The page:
Sunday, November 1, 2009

Inflammation and Oxidation

Inflammation and oxidation contribute to many, if not most, diseases.

Based on this observation one would suspect that anti-inflammatories and antioxidants should prevent many diseases. Indeed, there is excellent data that anti-inflammatories can help prevent many diseases. However, support for antioxidants is more limited.

First, antioxidants.

There are a number of antioxidants that one must consume (e.g., vitamin E, vitamin C, zinc, and selenium). There is a lot of mileage in making sure that one is not deficient in any of these antioxidants. However, there is decent evidence that, in general, after sufficiency is attained, more is not better.

The body also has a number of in-house antioxidants, known as endogenous antioxidants (e.g., superoxide dismutase, glutathione peroxidase, alpha lipoic acid, catalase and coenzyme Q10). Many external, or exogenous, antioxidants (like the vitamins and minerals mentioned above) are necessary to maintain proper levels of these all-important endogenous antioxidants. Moreover, many exogenous antioxidants also happen to have other biological effects aside from reducing oxidation (e.g., some have anti-inflammatory effects and some are polyphenols with diverse effects)

And, that might very well be all there is to exogenous antioxidants -- they're important, but perhaps not because of their (direct) capacity to reduce oxidation...

And now, inflammation.

Inflammation generally starts with injury (e.g., acid or bile injury in the case of esophagitis). The body responds to an injury by sending lots of blood to the area to address the underlying problem. The body's response is modulated by a cascade of signaling molecules designed to cause the inflammatory reaction.

On a molecular level, the signaling cascade starts with omega 3 and omega 6 fatty-acids. These fatty-acids, made from dietary polyunsaturated fat, are turned into signaling molecules called eicosanoids. Two families of enzymes catalyze fatty acid oxygenation to produce the eicosanoids: (1) cyclooxygenase, or COX, which generates the prostanoids (Cox-2 generates PGE2) and (2) lipoxygensase, or LOX ( 5-LOX generates the leukotrienes).

It turns out (and this is a bit of a simplification) that there are two broad types of prostanoids and leukotrienes: (1) inflammatory prostanoids and leukotrienes and (2) anti-inflammatory prostanoids and leukotrienes. Significantly, omega 6 fatty acids are the precursors to the inflammatory prostanoids and leukotrines while omega 3 fatty acids are the precursors to the anti-inflammatory prostanoids and leukotrines.

Almost all modern people eat way more omega 6 than omega 3 fatty acid (some eating 50 times more). Unfortunately for us, most people for the last 2 million years ate a fairly even ratio. Sounds like trouble...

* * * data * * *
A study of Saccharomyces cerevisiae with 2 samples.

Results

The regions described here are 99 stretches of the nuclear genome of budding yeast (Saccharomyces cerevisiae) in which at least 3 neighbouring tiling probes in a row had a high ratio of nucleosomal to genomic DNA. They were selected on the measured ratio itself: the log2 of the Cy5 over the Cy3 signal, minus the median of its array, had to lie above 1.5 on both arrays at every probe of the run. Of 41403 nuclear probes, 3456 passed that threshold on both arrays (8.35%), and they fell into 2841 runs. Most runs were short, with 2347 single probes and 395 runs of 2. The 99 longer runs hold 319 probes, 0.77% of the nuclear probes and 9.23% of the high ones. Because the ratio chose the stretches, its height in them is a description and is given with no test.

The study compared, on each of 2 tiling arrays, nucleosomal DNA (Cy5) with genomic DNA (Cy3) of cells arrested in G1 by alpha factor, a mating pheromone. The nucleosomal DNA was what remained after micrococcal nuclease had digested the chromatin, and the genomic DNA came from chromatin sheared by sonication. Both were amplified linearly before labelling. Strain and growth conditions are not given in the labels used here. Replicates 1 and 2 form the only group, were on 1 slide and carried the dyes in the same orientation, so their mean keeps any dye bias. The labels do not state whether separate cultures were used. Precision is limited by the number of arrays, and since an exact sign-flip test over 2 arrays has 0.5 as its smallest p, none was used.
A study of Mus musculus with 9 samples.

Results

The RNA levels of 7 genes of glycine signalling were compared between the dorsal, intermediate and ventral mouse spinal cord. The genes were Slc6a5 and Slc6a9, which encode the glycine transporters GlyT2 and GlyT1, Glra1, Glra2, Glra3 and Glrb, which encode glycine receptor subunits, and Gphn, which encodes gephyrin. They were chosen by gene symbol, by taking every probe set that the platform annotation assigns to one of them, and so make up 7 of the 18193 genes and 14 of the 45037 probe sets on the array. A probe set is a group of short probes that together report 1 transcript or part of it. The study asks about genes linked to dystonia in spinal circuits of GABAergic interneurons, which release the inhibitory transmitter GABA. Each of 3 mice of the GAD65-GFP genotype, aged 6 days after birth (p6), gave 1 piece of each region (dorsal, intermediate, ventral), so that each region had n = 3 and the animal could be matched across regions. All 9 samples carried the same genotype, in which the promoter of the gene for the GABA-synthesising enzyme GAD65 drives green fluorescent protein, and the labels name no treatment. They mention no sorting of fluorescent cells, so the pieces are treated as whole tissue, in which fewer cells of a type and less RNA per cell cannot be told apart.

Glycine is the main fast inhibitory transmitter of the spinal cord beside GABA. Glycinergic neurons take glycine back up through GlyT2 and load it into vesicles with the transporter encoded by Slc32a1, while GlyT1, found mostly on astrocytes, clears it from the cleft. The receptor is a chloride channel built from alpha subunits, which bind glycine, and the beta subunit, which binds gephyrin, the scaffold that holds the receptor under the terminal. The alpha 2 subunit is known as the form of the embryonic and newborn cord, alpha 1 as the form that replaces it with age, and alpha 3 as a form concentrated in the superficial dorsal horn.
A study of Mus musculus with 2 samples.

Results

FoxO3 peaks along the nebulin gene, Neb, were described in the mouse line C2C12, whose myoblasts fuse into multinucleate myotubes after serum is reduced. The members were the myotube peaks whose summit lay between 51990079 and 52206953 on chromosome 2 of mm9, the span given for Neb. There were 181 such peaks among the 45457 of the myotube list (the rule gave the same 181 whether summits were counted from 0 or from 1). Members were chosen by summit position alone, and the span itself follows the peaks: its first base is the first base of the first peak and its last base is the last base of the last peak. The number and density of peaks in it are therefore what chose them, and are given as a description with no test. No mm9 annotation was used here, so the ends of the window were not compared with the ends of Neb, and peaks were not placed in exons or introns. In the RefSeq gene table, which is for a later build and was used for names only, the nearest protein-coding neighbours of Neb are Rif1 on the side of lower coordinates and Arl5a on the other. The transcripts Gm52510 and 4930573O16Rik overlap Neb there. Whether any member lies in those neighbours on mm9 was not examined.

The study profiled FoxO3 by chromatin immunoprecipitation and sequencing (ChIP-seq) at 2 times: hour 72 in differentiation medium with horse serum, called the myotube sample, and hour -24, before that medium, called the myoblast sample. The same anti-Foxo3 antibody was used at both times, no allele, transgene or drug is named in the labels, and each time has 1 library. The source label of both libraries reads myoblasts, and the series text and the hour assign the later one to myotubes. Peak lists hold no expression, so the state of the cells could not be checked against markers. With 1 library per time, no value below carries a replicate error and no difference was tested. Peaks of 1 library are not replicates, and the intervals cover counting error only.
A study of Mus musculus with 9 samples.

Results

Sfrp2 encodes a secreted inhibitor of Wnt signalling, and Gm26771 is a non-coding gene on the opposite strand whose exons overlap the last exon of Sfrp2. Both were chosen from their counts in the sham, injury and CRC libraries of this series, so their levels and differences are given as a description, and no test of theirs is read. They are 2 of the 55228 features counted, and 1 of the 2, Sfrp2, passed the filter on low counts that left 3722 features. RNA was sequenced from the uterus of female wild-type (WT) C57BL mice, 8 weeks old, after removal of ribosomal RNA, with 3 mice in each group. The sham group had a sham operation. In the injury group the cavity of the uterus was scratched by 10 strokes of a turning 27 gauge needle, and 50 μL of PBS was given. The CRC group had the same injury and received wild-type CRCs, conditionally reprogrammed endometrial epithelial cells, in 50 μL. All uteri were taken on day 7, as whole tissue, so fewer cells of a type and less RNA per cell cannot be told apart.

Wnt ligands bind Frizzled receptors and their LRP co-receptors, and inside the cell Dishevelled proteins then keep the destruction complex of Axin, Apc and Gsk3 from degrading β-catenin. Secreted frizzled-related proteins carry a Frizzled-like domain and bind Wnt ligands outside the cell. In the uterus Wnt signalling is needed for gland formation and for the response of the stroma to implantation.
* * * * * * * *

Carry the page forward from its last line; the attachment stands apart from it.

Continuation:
With such an over-abundance of omega 6 in our tissue, there generally aren't enough omega 3 precursors present to be made into anti-inflammatory signaling molecules. Chronic inflammation, inflammation that outlives its biological purpose, seems to be the result.

Tissue highly unsaturated fat (omega 3 and omega 6) has a two-year half-life on average. That means that it takes two years for your body to replace half this fat in your body. In addition, omega 6 oil is ubiquitous in our food supply (vegetable oils, corn/soy fed animal, nuts & seeds). Thus, replacing all that tissue omega 6 with tissue omega 3s takes a long time and is hard to do. That said, I am currently in the process of doing it because it is the actual cure rather than the band aid.

In the meantime, NSAIDs can help to stop chronic inflammation by inhibiting the Cox-2 enzyme and/or by inhibiting the 5-Lox enzyme (by the way, it might be ideal to inhibit both Cox-2 and 5-Lox at the same time). Turmeric, ginger, green tea, french pine bark, and numerous other natural compounds inhibit both enzymes. In addition, aspirin is a potent inhibitor Cox enzymes and boswellia is a potent inhibitor of 5-Lox.

In the context of the chemoprevention of esophageal cancer in people with Barrett's esophagus, there is very good epidemiological data for aspirin. Indeed, aspirin is currently the subject of a placebo-controlled trial in England, which should produce some preliminary data in 2011. However, aspirin's effect on cancer progression, if any, might be due to mechanisms other than Cox-2 inhibition (as suggested by a trial, albeit a small & short one, in which selective a Cox-2 inhibitor didn't perform so well). For instance, aspirin also promotes cellular adhesion. (I believe that the authors of the U.K. trial also share my suspicions about aspirin as the dose they are using, 300mg, is well in excess of the dose required to effectively inhibit Cox-2, suggesting they are interested in exploring some of the other benefits of aspirin.)

I know this sounds like a broken record, but vitamin D also promotes cellular adhesion, probably better than does aspirin.